It’s health insurers’ cardinal rule: disclose pre-existing conditions. Now comes a case in which that familiar decree involves not a patient, but rather a $1.5 million surgical robot known as the da Vinci system.

Two insurance companies say da Vinci’s maker, Intuitive Surgical Inc., failed to reveal more than 700 injury claims when it applied for liability coverage. Intuitive says that’s nonsense.

(Editor’s Note: Illinois Union Insurance Co. is a member of Chubb Group, according to the A.M. Best Ratings website and information on the new Chubb website.)
If a federal judge concludes the insurers are right and rescinds policies providing $25 million in coverage, one of the fastest-growing medical device manufacturers would be left with only self-insurance for a one-year period. Intuitive, meanwhile, accuses Illinois Union Insurance Co. and Navigators Specialty Insurance Co. of acting deceitfully and breaking their contracts.

Intuitive’s profits have been on the rise since surviving scrutiny by regulators over its disclosures. Sales have rebounded since a 2013 slump when regulators queried surgeons about an increase in adverse event reports and the Food and Drug Administration warned about the company’s transparency on product corrections. U.S. hospitals used Intuitive’s robot-assisted surgery in 176,000 operations during the first three months of this year, a 17 percent increase from the same period a year earlier.

Still, even as Intuitive shares have risen 18 percent this year while Chief Executive Officer Gary Guthart pushes to expand the da Vinci’s international sales, the company is dogged by patients blaming surgery complications on its devices. The company said in 2014 there were about 3,000 claims, many of which it says have been settled.

Patient Lawsuits

Intuitive is fighting about 86 lawsuits in 22 states after setting aside about $100 million to resolve an unspecified number of claims from 2014 through early this year without admitting wrongdoing, it said in an April regulatory filing. Many of the patient lawsuits against it are in the early stages, according to the filing.

Intuitive robots help perform hysterectomies, gall bladder removals, prostate cancer treatment and many other soft tissue operations.

In the insurance dispute, Illinois Union says Intuitive’s disclosure of just 24 claims and failure to reveal 734 others when it applied for coverage in 2013 “is a massive concealment of claims from an insurer, potentially the most egregious in history.”

The insurer said that if it had known Intuitive had entered into hundreds of so-called tolling agreements with patients’ lawyers to suspend litigation deadlines during settlement negotiations, it would have withdrawn its offer for the liability coverage.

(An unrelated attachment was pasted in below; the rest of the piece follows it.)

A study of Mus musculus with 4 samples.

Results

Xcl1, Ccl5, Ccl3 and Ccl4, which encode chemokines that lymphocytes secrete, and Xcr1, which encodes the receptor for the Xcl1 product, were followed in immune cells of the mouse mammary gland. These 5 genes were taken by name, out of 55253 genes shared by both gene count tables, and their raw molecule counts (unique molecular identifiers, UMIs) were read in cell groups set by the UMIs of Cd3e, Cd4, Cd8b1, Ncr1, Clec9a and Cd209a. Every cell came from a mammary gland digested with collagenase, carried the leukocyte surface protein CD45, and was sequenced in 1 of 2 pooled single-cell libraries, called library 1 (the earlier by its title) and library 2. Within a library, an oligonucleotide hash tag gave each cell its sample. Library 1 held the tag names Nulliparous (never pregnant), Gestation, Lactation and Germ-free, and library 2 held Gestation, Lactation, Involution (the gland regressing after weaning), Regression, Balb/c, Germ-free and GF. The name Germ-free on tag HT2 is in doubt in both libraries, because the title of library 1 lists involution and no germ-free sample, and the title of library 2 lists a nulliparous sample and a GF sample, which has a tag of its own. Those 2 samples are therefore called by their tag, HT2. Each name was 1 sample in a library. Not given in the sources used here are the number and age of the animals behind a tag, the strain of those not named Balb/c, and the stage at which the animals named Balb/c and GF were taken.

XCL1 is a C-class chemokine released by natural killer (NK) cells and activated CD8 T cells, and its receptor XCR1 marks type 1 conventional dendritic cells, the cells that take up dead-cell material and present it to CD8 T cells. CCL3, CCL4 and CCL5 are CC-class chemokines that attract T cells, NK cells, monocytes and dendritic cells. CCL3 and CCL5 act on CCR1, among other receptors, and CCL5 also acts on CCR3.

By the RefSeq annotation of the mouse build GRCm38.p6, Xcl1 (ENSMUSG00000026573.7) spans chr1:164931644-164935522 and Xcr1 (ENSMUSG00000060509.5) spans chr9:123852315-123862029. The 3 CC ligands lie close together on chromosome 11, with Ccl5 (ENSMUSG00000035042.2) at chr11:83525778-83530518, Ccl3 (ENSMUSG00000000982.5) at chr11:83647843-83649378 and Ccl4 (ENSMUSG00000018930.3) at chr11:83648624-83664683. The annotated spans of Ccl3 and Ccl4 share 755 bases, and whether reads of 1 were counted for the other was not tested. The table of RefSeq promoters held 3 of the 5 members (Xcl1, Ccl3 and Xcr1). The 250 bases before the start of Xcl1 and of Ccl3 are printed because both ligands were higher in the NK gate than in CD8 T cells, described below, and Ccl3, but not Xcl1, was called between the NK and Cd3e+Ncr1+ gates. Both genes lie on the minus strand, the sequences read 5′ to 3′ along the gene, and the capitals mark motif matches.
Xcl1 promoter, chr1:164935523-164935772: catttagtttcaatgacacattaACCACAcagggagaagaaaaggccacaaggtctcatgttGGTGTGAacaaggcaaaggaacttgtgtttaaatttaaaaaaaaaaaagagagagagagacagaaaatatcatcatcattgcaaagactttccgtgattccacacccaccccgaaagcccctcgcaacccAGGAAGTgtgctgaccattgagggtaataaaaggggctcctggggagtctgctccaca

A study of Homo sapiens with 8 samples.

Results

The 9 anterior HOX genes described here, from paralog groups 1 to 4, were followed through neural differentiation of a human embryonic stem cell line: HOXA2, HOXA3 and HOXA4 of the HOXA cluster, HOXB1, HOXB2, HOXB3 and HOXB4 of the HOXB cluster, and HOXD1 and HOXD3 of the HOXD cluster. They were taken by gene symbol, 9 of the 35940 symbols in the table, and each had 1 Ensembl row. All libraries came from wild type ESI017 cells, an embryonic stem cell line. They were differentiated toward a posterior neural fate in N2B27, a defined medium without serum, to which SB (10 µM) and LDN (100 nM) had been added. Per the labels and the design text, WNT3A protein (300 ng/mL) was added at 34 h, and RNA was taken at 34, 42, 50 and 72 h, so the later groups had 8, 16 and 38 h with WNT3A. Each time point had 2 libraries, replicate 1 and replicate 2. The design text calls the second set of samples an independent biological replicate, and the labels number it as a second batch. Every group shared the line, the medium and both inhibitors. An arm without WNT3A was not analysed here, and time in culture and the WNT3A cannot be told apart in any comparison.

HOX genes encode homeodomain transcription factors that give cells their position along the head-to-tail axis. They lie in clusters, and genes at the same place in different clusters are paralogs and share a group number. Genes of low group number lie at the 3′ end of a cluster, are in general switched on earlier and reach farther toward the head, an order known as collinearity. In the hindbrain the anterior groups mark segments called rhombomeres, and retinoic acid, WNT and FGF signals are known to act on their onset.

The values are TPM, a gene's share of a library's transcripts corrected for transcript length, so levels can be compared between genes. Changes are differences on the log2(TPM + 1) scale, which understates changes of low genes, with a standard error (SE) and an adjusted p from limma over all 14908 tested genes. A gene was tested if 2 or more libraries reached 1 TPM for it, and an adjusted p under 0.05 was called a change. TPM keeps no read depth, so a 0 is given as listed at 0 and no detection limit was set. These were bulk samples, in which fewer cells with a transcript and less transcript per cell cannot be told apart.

Court fights have become increasingly common in recent years when insurers seek to void coverage, through a process called rescission, over alleged misconduct by corporate policyholders, said Jim Murray, an insurance lawyer at Blank Rome LLP in Washington. The lawsuits turn often on allegations that crucial information about legal risks was withheld from the insurers.

“I could take any applications for any Fortune 500 company and will find something that’s wrong with it; that’s just the nature of the beast,” Murray said in a phone interview. “Most companies answer the questions they’re asked. That’s it.”

Illinois Union and Navigators are set to ask U.S. District Judge Jon Tigar in San Francisco Thursday to rule in their favor on the rescission request without a trial.

‘Substantial Risk’

Intuitive contends it be would premature to rescind its 2013 policy because there are too many factual issues in dispute. It says there’s evidence the insurers knew of the tolling agreements before issuing their policies, and took the “substantial risk” of going ahead anyway because they wanted Intuitive’s business.

The device maker also argues that the policy application asked only about incidents “likely to result in a claim.” Intuitive says the tolling agreements didn’t fit that definition because they involved only “potential claims.”

Intuitive’s spokesman and its lawyers declined to comment on the insurance fight and litigation with patients. Representatives of Navigators, a unit of Navigators Group Inc., and Illinois Union, a unit of Pacific Employers Insurance Co., didn’t respond to requests for comment.

The company countersued both insurers in October after they refused to cover losses related to da Vinci claims. Intuitive seeks a court order forcing Illinois Union to provide coverage for 860 claims and Navigators to handle 111 claims. The insurers deny Intuitive’s allegations, though Tigar last month rejected their request for dismissal for most of the counterclaims.

Illinois Union provided Intuitive with $15 million in coverage, subject to a limit of $5 million per occurrence, after the company spends $5 million, while Navigators issued a policy for $10 million in excess product liability coverage, according to the judge’s summary of the coverage in a court filing.

The case is Illinois Union Insurance v. Intuitive Surgical, 13-cv-04863, U.S. District Court, Northern District of California (San Francisco).